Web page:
Organizers of Boston's St. Patrick's Day parade say they have not officially banned a gay veterans group from the event.
The Allied War Veterans Council of South Boston says in a statement Thursday that it told the OutVets gay veterans group that the rainbow on its banners and logo violate the code of conduct for the parade, which prohibits advertisement or display of one's sexual orientation.
The council also says OutVets did not submit its parade application before the deadline. The group will meet Friday to reconsider a vote on OutVets' application.
The veterans council says it routinely bars controversial groups. It says it is accepting of all people but will not permit messages that conflict with the parade's celebration of country, community and the Catholic faith.
The gay veterans group barred from marching in Boston's St. Patrick's Day parade later this month is thanking its supporters.
OutVets has marched in the parade the past two years after the South Boston Allied War Veterans Council in 2015 reversed a decades long ban on gay organizations participating in the annual event. But the council voted Tuesday to bar OutVets. OutVets says it was told it had broken a parade rule by carrying a rainbow banner.
OutVets said in a statement Thursday that it is "humbled and moved by the outpouring of support from so many of our elected officials, our brother and sister veterans, and many, many others" around the council's decision.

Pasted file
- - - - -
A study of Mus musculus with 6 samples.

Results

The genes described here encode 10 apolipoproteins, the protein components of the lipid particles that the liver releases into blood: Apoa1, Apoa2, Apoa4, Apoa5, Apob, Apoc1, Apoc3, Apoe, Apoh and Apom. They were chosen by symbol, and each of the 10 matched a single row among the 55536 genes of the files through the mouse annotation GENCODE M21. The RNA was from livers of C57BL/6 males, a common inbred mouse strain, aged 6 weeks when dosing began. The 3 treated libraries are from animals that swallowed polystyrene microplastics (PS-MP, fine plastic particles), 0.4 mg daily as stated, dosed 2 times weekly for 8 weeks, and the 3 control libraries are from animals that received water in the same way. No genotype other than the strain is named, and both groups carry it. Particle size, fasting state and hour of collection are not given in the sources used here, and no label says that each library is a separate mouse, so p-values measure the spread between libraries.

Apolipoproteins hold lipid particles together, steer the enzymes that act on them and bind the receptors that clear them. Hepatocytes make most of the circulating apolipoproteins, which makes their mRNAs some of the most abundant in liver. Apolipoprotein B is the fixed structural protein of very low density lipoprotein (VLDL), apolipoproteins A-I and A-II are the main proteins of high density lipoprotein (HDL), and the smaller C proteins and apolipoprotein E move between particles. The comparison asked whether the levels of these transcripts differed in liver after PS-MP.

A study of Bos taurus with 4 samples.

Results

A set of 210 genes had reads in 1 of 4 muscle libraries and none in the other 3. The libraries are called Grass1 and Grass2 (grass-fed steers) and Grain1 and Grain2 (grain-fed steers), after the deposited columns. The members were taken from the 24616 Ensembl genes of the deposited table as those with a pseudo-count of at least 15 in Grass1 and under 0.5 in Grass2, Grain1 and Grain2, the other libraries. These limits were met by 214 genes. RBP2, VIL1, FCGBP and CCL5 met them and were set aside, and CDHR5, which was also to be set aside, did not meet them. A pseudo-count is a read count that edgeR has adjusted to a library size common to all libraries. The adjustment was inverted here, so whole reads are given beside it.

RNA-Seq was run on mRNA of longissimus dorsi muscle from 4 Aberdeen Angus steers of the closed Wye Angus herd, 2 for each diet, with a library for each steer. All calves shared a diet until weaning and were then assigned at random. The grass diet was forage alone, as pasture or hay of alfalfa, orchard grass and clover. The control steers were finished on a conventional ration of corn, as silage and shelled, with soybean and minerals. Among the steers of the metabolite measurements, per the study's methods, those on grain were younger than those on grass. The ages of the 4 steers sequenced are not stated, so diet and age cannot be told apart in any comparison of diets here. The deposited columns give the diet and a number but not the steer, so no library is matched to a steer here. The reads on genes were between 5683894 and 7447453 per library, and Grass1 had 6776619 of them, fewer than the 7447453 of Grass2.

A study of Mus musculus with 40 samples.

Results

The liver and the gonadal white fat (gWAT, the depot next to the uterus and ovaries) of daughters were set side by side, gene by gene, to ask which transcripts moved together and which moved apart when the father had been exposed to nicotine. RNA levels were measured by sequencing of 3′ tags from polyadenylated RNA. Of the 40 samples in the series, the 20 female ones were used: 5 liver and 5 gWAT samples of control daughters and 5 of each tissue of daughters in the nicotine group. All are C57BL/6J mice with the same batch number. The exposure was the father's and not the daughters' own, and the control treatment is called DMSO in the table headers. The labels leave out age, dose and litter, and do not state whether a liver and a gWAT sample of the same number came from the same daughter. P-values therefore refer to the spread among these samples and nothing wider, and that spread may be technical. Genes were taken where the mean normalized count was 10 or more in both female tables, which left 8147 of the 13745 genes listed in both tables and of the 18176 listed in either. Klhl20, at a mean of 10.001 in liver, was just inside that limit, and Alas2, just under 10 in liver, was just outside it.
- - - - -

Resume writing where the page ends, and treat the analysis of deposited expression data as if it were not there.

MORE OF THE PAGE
The pressure on parade organizers, including a pullout by one major sponsor, has prompted them to schedule a meeting Friday to reconsider the vote to exclude OutVets.
The organizers of Boston's St. Patrick's Day parade have scheduled an emergency meeting to reconsider their vote to bar a gay veterans group from participating.
The vote Tuesday to bar OutVets drew immediate condemnation from high-profile politicians.
Ed Flynn, a member of the South Boston Allied War Veterans Council, which organizes the parade scheduled for March 19, says the emergency meeting will take place Friday. Flynn voted to allow Outvets in.
Members of the council and OutVets met Wednesday but could not resolve the impasse.
OutVets was first allowed to participate in the parade in 2015. OutVets founder Bryan Bishop says he was told the group was barred this year because they broke parade rules by carrying a rainbow banner, which the council considers a symbol of gay sexuality.